A plan to build 30 houses on the outskirts of a Derbyshire town is set for rejection due to the feared impact on a protected farmhouse.

The scheme, from Mr K Whitmore, would see the homes built off Belper Road in Ashbourne, close to the former airfield site.

Derbyshire Dales District Council’s planning officers have recommended that the scheme be rejected at a meeting on Tuesday, December 13, where a final decision will be made by councillors.

Officials feel the scheme would negatively affect an 18th-century farmhouse known as Gate Farm, on the southern side of Belper Road, and would also harm the surrounding landscape.

Ashbourne Town Council feels the development is “inappropriate” and would harm the setting of the area’s acclaimed annual Shrovetide football match.

Three objection letters have been submitted to the council by opposing residents who feel the scheme would harm their enjoyment of their own properties.

They claim motorists driving past the site often exceed the speed limit and have caused a number of accidents.

Residents feel the scheme would have an “unacceptable” impact on their homes and the landscape surrounding Ashbourne, harming the town’s appearance.

District council planners feel the site currently provides separation between the edge of Ashbourne and Sturston, while the proposed scheme could lead to the two areas “coalescing”.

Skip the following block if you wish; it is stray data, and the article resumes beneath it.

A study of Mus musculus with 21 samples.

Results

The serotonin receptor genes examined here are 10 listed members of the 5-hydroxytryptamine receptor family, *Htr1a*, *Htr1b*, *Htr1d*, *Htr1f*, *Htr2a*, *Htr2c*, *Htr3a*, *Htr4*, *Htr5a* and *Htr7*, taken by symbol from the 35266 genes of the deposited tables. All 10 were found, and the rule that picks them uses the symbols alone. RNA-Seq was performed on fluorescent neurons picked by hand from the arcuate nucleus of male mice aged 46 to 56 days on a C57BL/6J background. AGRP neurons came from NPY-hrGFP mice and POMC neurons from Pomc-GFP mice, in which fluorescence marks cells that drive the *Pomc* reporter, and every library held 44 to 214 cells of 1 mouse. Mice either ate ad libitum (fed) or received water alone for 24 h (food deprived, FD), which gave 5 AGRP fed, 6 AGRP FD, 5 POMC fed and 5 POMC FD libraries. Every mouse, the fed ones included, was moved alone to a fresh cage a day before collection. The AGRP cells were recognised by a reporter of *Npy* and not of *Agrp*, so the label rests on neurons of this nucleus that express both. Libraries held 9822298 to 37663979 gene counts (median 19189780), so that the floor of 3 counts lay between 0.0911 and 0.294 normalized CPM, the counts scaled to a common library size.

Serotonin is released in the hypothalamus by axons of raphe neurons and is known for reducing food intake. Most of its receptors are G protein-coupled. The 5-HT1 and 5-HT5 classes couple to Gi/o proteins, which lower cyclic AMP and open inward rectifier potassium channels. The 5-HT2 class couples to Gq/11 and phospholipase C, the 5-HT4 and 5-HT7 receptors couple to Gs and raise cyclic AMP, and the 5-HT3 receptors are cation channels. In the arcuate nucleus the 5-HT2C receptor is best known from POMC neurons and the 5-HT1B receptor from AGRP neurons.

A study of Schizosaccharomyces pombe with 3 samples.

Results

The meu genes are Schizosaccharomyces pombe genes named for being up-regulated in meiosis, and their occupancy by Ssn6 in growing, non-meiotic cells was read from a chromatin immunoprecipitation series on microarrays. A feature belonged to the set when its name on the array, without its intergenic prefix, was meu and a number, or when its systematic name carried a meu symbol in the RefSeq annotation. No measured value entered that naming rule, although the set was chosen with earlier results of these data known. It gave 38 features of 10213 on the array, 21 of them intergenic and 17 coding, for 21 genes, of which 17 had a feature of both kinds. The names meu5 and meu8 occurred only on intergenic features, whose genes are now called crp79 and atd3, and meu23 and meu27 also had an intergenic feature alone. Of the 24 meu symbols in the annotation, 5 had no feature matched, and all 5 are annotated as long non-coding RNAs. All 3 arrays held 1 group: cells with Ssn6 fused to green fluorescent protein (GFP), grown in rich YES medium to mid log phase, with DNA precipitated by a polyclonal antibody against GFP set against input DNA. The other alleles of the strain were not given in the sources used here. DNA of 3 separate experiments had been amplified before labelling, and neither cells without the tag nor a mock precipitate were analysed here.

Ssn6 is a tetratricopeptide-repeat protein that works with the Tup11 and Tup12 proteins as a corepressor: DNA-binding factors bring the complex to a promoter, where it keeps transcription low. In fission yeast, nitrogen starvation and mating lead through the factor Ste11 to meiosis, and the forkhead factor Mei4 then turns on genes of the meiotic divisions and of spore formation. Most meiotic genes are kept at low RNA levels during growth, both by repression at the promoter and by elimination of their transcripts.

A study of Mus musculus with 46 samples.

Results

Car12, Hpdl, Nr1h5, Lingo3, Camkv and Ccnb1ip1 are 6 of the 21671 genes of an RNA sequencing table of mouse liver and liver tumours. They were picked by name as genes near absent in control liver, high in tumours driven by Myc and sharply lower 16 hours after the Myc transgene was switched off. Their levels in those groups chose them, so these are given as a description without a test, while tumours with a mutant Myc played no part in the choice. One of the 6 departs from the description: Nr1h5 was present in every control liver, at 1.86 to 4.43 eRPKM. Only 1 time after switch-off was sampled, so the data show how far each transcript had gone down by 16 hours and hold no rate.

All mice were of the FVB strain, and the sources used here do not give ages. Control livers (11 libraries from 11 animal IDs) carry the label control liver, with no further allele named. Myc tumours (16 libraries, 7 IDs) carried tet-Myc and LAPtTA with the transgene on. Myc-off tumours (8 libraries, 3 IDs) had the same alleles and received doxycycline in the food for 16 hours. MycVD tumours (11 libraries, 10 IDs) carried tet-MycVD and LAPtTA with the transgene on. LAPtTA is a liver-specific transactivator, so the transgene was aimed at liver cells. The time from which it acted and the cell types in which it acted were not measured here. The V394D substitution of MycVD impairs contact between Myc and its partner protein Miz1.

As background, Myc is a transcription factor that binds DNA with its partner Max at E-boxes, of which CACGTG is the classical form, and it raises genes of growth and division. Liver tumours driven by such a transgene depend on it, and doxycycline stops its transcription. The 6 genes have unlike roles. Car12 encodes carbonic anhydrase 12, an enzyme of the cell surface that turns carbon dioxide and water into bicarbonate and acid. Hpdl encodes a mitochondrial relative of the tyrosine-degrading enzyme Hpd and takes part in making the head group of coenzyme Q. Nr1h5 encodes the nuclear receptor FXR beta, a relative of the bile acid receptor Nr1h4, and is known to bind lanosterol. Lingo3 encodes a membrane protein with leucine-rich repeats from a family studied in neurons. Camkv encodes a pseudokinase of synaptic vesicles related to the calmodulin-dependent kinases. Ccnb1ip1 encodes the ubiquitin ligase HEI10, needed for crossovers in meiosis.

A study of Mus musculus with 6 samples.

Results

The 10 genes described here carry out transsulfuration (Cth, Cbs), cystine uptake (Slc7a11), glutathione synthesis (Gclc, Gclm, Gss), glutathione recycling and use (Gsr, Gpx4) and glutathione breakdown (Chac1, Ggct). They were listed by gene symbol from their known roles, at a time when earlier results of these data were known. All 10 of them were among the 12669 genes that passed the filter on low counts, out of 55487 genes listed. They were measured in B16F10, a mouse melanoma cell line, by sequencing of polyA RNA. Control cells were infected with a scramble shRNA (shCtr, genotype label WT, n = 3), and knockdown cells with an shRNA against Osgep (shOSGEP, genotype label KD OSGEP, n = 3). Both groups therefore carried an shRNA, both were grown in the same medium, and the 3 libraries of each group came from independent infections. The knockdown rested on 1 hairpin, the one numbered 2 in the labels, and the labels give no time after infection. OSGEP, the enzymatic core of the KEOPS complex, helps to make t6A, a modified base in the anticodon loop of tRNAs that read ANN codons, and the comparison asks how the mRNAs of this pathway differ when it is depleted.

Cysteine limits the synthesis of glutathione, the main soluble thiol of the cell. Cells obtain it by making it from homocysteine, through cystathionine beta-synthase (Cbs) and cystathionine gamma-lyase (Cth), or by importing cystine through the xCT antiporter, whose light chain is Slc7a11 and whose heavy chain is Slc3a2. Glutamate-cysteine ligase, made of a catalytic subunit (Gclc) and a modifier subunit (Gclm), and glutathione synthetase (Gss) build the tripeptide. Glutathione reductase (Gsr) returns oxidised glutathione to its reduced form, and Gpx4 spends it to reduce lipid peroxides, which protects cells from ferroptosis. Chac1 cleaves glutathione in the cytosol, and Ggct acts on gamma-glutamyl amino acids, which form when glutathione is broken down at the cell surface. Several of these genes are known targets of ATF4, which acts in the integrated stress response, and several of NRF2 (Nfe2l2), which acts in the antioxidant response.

They say: “The erection of up to 30 dwellings on this site would represent a significant change in character.”

Planners say the scheme would look like an “isolated group of housing” set apart from the edge of Ashbourne.

They wrote: “The development would extend the edge of Ashbourne in a manner that would undermine the undeveloped character between the edge of Ashbourne and the group of buildings at Sturston.

“The application site makes a positive contribution to the setting of Gate Farm and the development would significantly harm this open rural setting by introducing an urbanising form of development.”

Derbyshire County Council has requested the developer pay a quarter of a million pounds to fund eight secondary school places at Queen Elizabeth’s Grammar School in Ashbourne.

The council’s highways team is happy with the proposed access and impact on surrounding roads, noting one crash in the past five years, which happened in 2018.

Health officials at the NHS Derby and Derbyshire Integrated Care Board have not requested funding support because it falls below its threshold of 50 homes.